The blockbuster trade pulled off by Tigers’ general manager Dave Dombrowski — which sent a disgruntled Prince Fielder to the Texas Rangers for second baseman Ian Kinsler — will most likely send ripples throughout the organization.
The trade opens up opportunities for the team financially, which were handicapped by Fielder’s paycheck before. The trade freed up about $76 million for the Tigers to spend on filling holes in the roster or to extend the contracts of superstars Miguel Cabrera and Max Scherzer.
Going into the offseason, the Tigers had positions to fill at second base, left field, and at the back of the bullpen. Second base has seemingly been filled with the arrival of Kinsler, which leaves left field and relief pitching yet to be addressed.
Some free agent outfielders who have been rumored to fit with the Tigers include Shin-Soo Choo, Jacoby Ellsbury, Carlos Beltran, Curtis Granderson, and Nate McLouth. 97.1 The Ticket’s Mike Valenti believes that Dombrowski needs to stay far away from one of those players.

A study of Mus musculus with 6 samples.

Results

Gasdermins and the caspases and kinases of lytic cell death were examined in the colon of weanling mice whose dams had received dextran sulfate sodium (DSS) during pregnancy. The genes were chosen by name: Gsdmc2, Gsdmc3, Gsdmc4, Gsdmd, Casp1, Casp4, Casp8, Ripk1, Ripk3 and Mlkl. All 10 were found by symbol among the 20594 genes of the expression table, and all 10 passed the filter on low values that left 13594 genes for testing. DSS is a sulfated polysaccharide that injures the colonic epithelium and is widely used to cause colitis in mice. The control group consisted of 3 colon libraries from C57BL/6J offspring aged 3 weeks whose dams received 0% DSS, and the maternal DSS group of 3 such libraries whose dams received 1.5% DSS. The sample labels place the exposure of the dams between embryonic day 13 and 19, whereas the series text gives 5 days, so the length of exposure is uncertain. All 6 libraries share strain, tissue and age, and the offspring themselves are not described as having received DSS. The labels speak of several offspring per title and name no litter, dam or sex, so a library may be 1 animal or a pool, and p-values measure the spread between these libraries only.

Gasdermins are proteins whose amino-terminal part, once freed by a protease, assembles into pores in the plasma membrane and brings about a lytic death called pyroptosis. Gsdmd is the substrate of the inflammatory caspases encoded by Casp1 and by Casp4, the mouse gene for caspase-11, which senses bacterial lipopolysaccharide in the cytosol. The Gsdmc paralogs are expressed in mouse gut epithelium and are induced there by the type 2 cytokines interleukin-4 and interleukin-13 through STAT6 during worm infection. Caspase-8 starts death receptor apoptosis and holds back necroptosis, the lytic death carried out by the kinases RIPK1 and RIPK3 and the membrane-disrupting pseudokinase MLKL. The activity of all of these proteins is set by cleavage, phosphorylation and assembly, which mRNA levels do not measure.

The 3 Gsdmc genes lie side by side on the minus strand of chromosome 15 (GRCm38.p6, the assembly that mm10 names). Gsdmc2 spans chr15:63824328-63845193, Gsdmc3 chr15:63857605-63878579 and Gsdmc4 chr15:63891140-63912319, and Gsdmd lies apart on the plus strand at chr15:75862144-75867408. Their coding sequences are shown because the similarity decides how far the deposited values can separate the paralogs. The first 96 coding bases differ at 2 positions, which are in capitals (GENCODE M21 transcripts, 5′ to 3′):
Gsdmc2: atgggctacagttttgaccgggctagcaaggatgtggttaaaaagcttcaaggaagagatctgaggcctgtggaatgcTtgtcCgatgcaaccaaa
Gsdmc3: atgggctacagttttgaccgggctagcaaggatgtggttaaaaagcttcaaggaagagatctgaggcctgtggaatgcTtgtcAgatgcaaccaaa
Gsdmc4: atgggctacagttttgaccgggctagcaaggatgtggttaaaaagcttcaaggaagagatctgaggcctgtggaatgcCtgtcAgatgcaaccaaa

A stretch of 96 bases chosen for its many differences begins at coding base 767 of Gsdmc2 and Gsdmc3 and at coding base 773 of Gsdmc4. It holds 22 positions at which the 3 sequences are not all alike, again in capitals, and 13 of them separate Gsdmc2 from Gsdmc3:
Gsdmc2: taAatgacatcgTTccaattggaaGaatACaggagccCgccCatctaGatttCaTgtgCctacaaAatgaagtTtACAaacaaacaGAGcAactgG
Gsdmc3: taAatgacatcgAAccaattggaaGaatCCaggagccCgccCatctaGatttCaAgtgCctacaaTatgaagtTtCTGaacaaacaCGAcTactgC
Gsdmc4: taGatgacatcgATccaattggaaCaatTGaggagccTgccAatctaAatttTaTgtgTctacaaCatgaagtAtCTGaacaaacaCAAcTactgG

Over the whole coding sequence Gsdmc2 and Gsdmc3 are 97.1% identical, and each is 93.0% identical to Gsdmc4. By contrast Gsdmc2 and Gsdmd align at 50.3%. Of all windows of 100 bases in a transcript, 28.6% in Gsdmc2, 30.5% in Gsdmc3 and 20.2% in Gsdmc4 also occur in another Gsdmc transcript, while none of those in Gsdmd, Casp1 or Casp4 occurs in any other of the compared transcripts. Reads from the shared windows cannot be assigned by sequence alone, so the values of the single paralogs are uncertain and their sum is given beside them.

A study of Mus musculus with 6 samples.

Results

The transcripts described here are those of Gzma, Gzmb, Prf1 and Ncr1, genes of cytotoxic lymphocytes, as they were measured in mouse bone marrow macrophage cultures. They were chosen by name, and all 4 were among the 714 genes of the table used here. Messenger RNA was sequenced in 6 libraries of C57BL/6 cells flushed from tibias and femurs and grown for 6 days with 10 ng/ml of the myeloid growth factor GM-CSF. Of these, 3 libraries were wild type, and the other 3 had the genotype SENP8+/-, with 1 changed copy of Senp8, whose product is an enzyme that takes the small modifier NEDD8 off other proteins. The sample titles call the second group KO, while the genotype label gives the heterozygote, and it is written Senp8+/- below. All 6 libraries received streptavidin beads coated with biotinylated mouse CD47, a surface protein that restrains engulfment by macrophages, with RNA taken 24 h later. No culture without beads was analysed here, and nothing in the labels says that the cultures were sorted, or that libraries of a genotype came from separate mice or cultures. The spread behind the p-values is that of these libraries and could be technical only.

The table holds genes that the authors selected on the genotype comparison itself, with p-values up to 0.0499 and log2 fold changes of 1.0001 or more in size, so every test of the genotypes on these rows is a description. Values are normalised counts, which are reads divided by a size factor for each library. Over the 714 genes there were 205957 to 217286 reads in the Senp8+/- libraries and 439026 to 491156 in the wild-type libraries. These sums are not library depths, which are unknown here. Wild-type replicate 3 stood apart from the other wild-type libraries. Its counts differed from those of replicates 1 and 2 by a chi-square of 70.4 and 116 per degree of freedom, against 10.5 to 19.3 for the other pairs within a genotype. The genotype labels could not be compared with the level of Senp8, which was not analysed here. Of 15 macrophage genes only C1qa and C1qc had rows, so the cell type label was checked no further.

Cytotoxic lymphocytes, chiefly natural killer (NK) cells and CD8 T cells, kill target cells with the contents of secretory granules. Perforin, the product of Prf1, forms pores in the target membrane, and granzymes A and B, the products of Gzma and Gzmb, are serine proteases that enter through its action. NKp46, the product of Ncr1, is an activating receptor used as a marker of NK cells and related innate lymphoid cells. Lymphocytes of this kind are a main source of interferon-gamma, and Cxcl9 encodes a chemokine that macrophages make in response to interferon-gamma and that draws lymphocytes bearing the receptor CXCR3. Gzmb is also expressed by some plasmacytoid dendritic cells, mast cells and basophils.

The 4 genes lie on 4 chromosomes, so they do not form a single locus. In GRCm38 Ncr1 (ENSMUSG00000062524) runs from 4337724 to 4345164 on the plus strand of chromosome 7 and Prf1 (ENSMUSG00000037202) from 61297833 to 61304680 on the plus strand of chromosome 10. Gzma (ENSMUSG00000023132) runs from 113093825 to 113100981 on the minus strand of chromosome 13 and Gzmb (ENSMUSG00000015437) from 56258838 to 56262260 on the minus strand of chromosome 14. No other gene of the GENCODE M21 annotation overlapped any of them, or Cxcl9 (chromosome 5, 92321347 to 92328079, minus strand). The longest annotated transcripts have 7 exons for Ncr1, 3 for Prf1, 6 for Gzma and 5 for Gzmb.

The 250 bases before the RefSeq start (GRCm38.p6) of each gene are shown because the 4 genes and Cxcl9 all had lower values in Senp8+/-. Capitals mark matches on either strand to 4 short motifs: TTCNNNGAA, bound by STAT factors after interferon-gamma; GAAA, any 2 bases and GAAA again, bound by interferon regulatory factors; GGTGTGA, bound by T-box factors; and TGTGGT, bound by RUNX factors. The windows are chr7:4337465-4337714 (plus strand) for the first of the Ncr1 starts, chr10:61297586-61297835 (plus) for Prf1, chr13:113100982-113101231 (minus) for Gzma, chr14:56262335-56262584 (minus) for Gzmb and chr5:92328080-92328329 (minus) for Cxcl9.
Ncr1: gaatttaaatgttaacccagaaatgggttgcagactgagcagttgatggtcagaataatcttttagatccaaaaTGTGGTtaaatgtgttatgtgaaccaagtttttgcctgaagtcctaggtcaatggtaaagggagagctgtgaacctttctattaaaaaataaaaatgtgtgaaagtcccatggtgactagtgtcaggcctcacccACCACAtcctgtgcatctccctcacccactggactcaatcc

“Rumors are going around that (the Tigers) may drop $100 million on Choo,” Valenti said on his radio program Thursday. “Choo would be better than what they have in left field right now, no question. But five years and $100 million is just as bad as the contract you had before.”
Beltran has a reputation for hitting well in the postseason, something the Tigers have been severally lacking, posting a 0.333 career batting average in the playoffs. The Tigers could potentially sign Beltran and closer Nathan, who both made $9 million in 2013, for the same money that Scott Boras’ client, Choo, seems to be seeking.
No matter what moves are to come, the Tigers are in a position that they would not have been had Dombrowski not pulled the trigger on trading Fielder. Financial flexibility is more valuable than ever in today’s MLB.
Who do you believe the Tigers should target during the offseason? Or should the team spend the extra money on extending the contracts of Cabrera and Scherzer? Let us know in the comments below.